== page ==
In this limp attempt at a suspense film, a Greek man named Yorgos (Giorgos Symeonidis) is released from prison. Homeless, and with no friends other than his old gang members (from whom he is trying to disassociate himself), the man takes to stalking a single mother (Ornela Kapetani) and her child.

Almost entirely free of both dialogue and music – not to mention dramatic tension – this film crawls along at an impossibly slow pace. Or better yet, it’s as if the film is treading water, killing time between scenes of Yorgos doing his stalking. Most of the running time is spent on shots of Yorgos either washing his face or putting on his socks. When we do get some plot, it is never satisfying.

“Correction,” which showed up at the Cleveland International Film Festival, dares to become interesting when the daughter, having noticed Yorgos, begins to counter-stalk the man, thinking that he may be her absent father. But alas, this thread proves unsatisfyingly developed. In the film’s final minutes we do get answers as to who these people are and what their relationship is, but by this point the film has been dragging too long for anyone to care.

The title of this shaky movie has two meanings. Of course, Yorgos has been in a correctional facility, but he is also hoping to correct his past mistakes. If this silent creep would just go talk to the woman that he is scaring the hell out of, perhaps something could be resolved between them. But as it is, Yorgos’ actions are just making this woman fear and loathe him even more than she does at the film’s outset. Yorgos, a common thug with no reason for the audience to sympathize with him, is eventually shown mercy by the object of his attention. However, there is no good reason why this is the case, other than that she is simply a better person than he is.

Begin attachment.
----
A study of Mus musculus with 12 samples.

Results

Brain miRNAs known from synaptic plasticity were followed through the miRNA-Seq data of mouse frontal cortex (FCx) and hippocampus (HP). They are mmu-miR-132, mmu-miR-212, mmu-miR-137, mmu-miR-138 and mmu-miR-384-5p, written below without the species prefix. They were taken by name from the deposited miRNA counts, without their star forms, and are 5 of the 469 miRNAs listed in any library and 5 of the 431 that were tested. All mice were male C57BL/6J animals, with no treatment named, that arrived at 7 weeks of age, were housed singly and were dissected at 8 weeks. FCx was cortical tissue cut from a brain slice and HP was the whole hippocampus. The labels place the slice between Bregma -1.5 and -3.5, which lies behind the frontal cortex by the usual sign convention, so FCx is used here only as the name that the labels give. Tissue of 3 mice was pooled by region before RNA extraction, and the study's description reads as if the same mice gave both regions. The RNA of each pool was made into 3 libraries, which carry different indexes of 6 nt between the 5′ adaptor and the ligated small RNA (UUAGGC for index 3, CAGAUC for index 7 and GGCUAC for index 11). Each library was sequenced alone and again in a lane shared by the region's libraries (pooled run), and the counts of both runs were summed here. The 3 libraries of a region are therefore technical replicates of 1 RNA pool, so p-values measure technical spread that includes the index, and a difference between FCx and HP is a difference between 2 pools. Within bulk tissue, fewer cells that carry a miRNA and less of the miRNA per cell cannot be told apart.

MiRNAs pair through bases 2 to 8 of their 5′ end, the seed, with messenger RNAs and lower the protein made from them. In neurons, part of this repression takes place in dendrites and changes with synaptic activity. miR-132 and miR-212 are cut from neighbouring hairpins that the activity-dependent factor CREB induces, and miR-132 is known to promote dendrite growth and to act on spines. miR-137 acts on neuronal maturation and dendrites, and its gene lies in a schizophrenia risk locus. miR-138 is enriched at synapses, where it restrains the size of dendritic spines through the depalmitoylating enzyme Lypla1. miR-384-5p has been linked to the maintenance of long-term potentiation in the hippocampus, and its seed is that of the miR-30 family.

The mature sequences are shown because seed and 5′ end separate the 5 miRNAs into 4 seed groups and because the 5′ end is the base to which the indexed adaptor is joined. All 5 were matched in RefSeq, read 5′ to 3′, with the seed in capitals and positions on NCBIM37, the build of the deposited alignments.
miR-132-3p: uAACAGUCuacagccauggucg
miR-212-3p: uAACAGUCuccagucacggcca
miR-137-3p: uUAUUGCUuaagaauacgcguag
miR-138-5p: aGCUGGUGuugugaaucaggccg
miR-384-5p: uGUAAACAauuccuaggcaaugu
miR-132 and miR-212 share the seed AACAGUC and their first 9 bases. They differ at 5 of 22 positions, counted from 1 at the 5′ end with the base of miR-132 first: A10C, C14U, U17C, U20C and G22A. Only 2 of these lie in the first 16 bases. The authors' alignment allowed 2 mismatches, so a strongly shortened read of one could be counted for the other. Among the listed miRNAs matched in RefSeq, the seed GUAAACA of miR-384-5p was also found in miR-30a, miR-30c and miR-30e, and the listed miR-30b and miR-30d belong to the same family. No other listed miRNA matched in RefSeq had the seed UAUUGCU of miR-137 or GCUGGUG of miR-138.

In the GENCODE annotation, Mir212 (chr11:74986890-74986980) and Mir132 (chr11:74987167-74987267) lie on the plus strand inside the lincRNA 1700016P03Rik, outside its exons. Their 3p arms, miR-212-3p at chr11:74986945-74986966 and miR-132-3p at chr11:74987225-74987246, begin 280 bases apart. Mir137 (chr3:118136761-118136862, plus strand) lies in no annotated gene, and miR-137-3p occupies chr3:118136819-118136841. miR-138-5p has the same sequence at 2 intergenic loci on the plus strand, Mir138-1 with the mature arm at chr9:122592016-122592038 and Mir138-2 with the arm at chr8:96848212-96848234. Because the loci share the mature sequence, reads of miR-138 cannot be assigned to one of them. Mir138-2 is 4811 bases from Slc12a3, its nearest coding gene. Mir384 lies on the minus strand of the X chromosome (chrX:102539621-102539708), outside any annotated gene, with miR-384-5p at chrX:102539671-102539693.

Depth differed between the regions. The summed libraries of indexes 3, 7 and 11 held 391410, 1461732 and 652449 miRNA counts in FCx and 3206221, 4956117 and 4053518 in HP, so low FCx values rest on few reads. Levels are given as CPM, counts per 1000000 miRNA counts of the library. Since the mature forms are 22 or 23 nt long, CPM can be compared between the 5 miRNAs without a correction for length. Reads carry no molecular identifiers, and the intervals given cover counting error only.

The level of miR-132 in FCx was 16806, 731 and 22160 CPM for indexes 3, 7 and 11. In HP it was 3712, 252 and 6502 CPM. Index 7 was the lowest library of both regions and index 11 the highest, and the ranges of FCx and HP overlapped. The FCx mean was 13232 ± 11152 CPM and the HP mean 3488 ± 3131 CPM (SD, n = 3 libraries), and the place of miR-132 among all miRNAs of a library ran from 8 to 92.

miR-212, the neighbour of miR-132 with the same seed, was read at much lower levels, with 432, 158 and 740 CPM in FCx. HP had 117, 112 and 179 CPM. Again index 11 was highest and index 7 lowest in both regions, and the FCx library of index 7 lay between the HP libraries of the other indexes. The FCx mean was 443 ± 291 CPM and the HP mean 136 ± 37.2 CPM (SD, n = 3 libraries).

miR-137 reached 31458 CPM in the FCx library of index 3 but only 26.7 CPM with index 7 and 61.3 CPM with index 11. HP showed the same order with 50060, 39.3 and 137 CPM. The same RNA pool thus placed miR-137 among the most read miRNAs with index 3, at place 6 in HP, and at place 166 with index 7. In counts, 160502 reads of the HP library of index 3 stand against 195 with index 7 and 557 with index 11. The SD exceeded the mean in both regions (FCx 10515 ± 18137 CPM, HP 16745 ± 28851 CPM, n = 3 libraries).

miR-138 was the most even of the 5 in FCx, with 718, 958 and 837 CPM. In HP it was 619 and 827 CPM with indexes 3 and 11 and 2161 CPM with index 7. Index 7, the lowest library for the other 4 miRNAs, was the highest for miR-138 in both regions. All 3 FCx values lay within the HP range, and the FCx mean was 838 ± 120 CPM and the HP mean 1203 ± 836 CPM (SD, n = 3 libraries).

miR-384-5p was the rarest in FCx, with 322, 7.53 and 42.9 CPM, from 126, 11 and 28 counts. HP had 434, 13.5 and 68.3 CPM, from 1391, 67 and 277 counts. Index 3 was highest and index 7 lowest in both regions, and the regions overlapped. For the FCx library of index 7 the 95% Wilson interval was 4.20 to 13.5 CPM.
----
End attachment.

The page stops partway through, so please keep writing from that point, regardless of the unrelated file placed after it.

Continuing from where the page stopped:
This movie also touches on the social problem of race relations in Greece; there is a bit of trouble with some Albanians. One cannot expect the average viewer to fully comprehend the nature of this tension; Greek/Albanian issues don’t make international headlines like (for example) the Israeli/Palestinian conflicts do. A bit of exposition here might have helped, but then again the same could be said for any of the film’s other barely perceptible themes.